On August 3, the High Court of Kano State in Nigeria formally charged Mubarak Bala, an atheist and president of the Humanist Association of Nigeria, for causing a public disturbance. The High Court's charges, which come as a highly delayed action, revolves around Bala's Facebook posts which spanned over 2020. The public disturbance charges fall under Kano State Penal Code's sections 114 and 210.
On April 28, 2020, Bala was arrested in his home in northern Nigeria. Bala, an ex-Muslim, knew too well that his childhood community would not take the series of Facebook posts he made lightly. Bala's wife, Amina Ahmed, believed that even if her husband's social media attacks target both Christians and Muslims, the latter would be more inclined to take action. "They don't care. They can just kill you and nothing happens," she warned her husband.
As the president of the Humanist Association of Nigeria, Bala was intent to use his public social media account to express his sentiments against religion. On April 25, 2020, Bala declared on Facebook that the Prophet Muhammad is a terrorist. He was arrested three days later and was not seen again by his family.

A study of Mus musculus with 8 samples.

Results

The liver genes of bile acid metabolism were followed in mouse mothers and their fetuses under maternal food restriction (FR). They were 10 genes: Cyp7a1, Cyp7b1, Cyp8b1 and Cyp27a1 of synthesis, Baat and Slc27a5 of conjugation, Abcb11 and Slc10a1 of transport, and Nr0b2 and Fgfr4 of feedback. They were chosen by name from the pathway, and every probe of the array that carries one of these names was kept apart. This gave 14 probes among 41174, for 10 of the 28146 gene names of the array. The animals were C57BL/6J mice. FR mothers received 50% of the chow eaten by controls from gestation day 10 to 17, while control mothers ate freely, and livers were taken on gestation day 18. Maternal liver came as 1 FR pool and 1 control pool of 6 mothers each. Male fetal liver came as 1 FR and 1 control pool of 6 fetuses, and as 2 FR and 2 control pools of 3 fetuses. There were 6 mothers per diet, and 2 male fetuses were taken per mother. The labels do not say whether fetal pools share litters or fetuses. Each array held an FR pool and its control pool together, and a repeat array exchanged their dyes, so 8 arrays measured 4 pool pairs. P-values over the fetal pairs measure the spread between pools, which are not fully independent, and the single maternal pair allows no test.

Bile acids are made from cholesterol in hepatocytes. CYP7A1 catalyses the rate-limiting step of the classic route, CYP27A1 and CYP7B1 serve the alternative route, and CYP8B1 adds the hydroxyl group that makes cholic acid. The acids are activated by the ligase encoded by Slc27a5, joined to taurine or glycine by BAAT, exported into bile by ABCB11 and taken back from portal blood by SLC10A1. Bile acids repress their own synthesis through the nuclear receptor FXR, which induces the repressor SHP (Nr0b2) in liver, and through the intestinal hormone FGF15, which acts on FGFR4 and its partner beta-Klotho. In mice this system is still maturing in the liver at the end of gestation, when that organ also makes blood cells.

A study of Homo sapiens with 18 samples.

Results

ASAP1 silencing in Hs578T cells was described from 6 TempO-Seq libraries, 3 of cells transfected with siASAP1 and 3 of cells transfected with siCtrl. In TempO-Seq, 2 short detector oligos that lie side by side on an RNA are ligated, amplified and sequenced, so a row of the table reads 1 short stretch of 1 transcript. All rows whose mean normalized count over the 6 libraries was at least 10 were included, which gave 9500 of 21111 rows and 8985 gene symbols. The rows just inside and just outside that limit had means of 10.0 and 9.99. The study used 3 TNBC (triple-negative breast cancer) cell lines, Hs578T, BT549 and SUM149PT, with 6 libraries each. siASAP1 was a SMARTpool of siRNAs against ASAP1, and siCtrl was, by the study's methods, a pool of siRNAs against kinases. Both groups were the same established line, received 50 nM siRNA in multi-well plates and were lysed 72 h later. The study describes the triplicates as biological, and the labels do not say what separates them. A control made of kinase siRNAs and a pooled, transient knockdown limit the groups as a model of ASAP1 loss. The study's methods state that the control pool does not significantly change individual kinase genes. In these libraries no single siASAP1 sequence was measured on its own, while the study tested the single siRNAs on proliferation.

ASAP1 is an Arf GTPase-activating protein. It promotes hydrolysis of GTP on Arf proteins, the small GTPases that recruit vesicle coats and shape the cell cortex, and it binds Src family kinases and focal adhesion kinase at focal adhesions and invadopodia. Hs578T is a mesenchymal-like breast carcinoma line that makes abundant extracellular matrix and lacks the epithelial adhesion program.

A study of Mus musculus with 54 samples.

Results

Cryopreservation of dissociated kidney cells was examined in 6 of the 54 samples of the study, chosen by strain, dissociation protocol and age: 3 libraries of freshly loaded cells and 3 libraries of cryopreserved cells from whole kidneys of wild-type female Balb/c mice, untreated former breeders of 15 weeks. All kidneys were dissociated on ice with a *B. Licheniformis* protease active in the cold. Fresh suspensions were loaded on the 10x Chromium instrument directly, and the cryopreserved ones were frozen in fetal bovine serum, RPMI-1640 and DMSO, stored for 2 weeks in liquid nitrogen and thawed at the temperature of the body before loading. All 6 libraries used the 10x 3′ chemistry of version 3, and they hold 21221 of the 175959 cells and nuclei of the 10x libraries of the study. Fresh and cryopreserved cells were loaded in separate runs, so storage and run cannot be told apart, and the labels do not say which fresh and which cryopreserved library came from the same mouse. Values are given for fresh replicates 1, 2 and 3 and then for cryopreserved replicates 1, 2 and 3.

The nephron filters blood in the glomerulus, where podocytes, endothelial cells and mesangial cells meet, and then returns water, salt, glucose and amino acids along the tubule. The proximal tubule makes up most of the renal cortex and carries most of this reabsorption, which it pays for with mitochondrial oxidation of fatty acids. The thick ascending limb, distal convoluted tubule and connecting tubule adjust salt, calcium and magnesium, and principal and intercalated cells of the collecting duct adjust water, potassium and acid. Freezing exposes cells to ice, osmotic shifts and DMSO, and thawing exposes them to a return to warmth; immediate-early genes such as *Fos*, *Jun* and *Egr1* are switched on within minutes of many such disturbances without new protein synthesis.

Bala was imprisoned without any charges for almost two years. Several international organizations who have been keeping a close look on Bala's whereabouts and well-being have reported multiple violations against his human rights, including the court's denial to give Bala a fair trial. There were also constant attempts to derail his legal team's effort to have him released on bail. For five months, he was not given access to his lawyer.
Nigeria's penal code is heavily reliant on Sharia law. As of 1960, Nigeria is one of the few nations outside, excluding Muslim Asian nations and outside the Arabian peninsula, to use Islamic laws in substantive and procedural criminal litigations. Even after adopting a new hybrid constitution, states in Nigeria, including Kano, still maintain a Sharia court as part of their "religion and customary laws," according to a 2019 report from the US Commission on International Religious Freedom (USCIRF). The USCIRF also tags Nigeria as a Country of Particular Concern in their 2020 and 2021 report.
International Atheist and Humanist organizations are adding pressure to Nigeria to address this case against Bala. Roy Speckhardt, the director of the American Humanist Association, declares that they are joining the unified "call for the transfer of Bala to neutral territory and demand that he is given the fair trial he is entitled to. Bala shouldn't be unduly punished for the peaceful exercise of his rights to freedom of religion."